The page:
I was born Richard Charles BERTRAM on June 8, 1943. On October 12, the County Court consented to my adoption by Herbert and Linda CAROZZI, and I was Barry William CAROZZI from that day forward.
I’ve been looking over my Adoption papers, and trying to better understand the process of adoption, as it unfolded in those days, more clearly.
There were several critical dates:
June 8, 1943 Richard Charles BERTRAM born at The Haven Fitzroy
September 11, 1943 Gwendoline Esther BERTRAM signed a consent form, consenting to ‘the making of an Adoption Order in favour of the petitioners, Herbert Garrie and Linda Robina May CAROZZI. The consent form noted that my mother agreed to the following:
‘... that in particular I understand that the effect of the Order will be to permanently deprive me of my parental rights and I hereby consent to the making of an Adoption Order in favour of the petitioners.’
September 27, 1943 My adoptive parents, Herbert and Linda CAROZZI, officially applied to adopt me. The papers include the following statements:
The said infant is the illegitimate son of GWENDOLINE ESTHER BERTRAM and was given into our care by the matron of “The Haven” Maternity Hospital at North Fitzroy in the State of Victoria on the Eleventh day of September, One Thousand Nine Hundred and Forty Three. ...
That we desire the name of the infant to be BARRY WILLIAM CAROZZI.
The documents are also precise about several matters:
First, that ‘No insurance has been affected on the life of the said infant.’ This was presumably to protect the ‘said infant’ from being disposed of for financial gain.
Second, my adoptive parents declare that they ‘have not received or agreed to receive any payment or reward from any person or persons directly or indirectly for and in respect to the adoption by us of the said infant.’
Third, ‘No previous Adoption Order has previously been applied for or made with respect to the said infant.’
And fourthly, my parents declare that ‘We have not previously adopted an infant.’
September 27th All ‘parties concerned are directed to attend the County Court on a ‘date to be fixed’ for the hearing of the application to adopt.
On October 5th, the date for the hearing was set at ‘the 12th Day of October 1943 ‘at the hour of ten o’clock in the forenoon.’ On that same date, Judge W.H. Magennis issued an order naming the Rev. William Henry Clay as interim guardian of the ‘said infant’.
The order from the County Court legally sanctioning the adoption is dated October 12, 1943. And so, in the space of a month Gwen relinquished her parental rights and I was adopted. The papers mention that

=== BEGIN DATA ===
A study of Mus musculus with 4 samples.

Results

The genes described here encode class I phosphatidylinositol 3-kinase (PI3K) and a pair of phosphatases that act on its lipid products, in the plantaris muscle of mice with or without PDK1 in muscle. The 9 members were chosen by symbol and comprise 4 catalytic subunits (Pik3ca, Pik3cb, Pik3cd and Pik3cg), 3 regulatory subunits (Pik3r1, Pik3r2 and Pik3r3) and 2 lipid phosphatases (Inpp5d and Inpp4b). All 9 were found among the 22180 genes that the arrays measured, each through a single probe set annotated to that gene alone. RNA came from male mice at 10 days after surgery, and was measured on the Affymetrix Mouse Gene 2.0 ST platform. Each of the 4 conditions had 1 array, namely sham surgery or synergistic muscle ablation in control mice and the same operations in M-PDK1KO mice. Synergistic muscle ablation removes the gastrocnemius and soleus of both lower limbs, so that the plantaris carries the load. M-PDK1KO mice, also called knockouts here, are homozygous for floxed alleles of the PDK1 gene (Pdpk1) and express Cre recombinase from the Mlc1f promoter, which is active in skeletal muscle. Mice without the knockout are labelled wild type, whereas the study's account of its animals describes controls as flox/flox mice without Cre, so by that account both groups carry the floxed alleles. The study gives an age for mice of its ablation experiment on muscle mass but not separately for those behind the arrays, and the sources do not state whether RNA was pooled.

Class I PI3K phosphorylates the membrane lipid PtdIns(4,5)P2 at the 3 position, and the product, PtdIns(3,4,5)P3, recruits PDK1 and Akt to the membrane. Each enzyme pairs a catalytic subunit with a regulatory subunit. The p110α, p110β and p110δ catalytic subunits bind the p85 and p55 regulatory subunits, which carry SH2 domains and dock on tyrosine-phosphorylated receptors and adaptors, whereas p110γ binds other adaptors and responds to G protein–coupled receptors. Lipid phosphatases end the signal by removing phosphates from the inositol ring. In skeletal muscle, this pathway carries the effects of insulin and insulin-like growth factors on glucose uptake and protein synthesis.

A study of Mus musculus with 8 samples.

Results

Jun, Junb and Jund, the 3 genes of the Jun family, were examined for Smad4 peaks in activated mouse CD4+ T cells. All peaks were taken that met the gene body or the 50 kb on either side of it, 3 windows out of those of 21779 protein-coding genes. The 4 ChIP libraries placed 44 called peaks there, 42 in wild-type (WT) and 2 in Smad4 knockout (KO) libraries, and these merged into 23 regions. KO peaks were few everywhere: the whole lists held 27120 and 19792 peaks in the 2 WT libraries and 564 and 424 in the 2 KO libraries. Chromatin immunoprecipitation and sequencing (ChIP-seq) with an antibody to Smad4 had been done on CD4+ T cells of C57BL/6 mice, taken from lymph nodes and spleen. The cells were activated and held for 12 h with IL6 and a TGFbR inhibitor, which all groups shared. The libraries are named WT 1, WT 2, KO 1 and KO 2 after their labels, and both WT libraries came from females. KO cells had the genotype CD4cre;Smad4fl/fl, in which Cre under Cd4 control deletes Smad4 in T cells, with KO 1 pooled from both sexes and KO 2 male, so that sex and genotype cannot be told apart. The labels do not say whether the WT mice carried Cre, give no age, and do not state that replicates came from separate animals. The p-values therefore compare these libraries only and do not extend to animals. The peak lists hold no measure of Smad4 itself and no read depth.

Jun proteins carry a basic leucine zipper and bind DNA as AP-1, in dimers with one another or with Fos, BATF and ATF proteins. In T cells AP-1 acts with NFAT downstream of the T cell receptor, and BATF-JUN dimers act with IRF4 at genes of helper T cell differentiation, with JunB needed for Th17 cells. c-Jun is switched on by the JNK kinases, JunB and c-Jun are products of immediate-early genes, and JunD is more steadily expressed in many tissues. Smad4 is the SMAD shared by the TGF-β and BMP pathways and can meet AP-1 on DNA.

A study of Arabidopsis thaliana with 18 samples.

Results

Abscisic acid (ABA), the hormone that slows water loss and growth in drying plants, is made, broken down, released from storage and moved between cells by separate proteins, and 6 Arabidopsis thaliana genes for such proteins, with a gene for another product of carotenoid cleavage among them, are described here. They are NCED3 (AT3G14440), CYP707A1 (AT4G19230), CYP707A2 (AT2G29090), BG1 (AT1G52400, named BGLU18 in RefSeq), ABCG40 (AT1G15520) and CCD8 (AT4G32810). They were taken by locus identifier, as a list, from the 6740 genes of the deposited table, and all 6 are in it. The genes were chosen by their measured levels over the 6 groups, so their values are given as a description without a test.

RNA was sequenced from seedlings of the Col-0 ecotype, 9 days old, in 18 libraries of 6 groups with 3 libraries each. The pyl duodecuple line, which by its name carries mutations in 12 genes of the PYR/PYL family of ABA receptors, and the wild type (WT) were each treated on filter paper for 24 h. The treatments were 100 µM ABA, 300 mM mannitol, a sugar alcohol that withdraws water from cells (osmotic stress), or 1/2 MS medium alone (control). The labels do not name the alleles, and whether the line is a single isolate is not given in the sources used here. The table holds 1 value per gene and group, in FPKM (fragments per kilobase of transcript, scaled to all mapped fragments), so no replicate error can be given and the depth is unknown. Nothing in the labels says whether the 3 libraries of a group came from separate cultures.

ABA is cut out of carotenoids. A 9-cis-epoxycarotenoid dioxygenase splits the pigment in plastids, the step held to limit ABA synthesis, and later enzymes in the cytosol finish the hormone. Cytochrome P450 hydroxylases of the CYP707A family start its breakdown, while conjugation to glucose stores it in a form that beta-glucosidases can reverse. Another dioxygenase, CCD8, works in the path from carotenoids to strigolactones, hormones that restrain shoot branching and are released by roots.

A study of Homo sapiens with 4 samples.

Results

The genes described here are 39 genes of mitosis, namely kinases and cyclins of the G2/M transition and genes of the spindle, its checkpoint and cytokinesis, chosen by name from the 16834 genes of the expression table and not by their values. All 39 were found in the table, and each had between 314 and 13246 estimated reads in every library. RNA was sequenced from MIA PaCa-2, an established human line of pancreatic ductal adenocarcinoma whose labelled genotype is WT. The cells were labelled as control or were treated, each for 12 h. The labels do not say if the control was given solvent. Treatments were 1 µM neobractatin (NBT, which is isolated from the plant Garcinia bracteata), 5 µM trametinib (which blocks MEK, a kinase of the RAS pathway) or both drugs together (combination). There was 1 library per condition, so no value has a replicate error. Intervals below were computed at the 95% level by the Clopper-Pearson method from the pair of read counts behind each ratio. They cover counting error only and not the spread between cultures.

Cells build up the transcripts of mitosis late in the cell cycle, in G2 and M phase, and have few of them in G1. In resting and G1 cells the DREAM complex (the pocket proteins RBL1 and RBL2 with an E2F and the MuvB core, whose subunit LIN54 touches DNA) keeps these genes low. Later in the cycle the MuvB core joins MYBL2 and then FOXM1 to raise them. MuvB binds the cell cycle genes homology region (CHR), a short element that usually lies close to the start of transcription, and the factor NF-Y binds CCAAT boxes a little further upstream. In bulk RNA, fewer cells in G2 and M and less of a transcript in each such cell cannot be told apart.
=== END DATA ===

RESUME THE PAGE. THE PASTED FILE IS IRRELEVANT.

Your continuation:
... the JUDGE being satisfied that it is for the benefit of said infant that he should be adopted by said applicants and that all the requirements of the Adoption of Children Act 1928 have been complied with
Judge Magennis orders that the Adoption ‘be authorised’. He further directs that
...the Governement Statist shall cause such birth entry or entries to be marked with the word ‘Adopted’... IT IS FURTHER ORDERED that the name of the infant shall be BARRY WILLIAM CAROZZI.
The picture now seems clearer. At some stage between my birth and the legal papers, Herbie and Linda discovered that a child was available for adoption. My mother, Gwendoline, stayed with me at ‘The Haven’ for three months. Perhaps she was undecided as to what she should – or would – do. Or perhaps she was waiting for suitable adoptive parents to emerge.
What is clear is that on September 11th I was handed into the care of my adoptive parents. My cousin Thelma, then a girl of 6 or so, accompanied my Uncle Ken – who drove my dad’s car, and my parents, to The Haven. She recalls it as an exciting day.
There are so many unanswered questions. How did Linda and Herbie come to know of my existence? I know little about the nuts and bolts of adoption in the 1940s. While the process was quite formal, I’m not sure what went on behind the scenes. Perhaps there was a ‘bush telegraph’ within the Salvation Army. My adoptive mother, Linda, was a member of the Moreland Salvation Army; perhaps someone at the Haven alerted officers in the Army about children available for adoption. That could be a fruitful area for research in the coming months.
There is a photo of my father, smiling broadly while he held the ‘said infant’ in his arms. I’m guessing that that photograph marks my arrival at my new home: 82 Reynard Street, Coburg, where Herbie and Linda had lived since their marriage in 1936, and where they would remain until the late 1980s.
Their petition for adoption includes the following sad statement:
There is no issue of our marriage and out legally qualified practitioner has advised us that he considers the prospect of issue as being exceedingly remote.
September 11, 1943
The records show only the surface of things, of course. The language of the times was formal. Terms like ‘said infant’, ‘prospect of issue’, and especially ‘illegitimate son of’ – the legalese of that time – masks the underlying realities: the desperate wish of a married couple, unable to have children; the harshly moralistic attitudes that forced a young woman to guard the secret of her pregnancy and hide – possibly for ever – the identity of the father, and to relinquish her child.
My Aunt Joan Young (nee BERTRAM) – my mother’s younger sister – finds it very hard to believe that Gwen would have given up a child.
‘She loved kids. She was a wonderful mother.’
What I do know now is that Gwen stayed at the Haven for almost 100 days – those critical first three months of my life, and left three days after I was taken home to Reynard Street by my mum and dad. I became Barry William Carozzi, and for 66 years knew nothing of the true circumstances of my birth.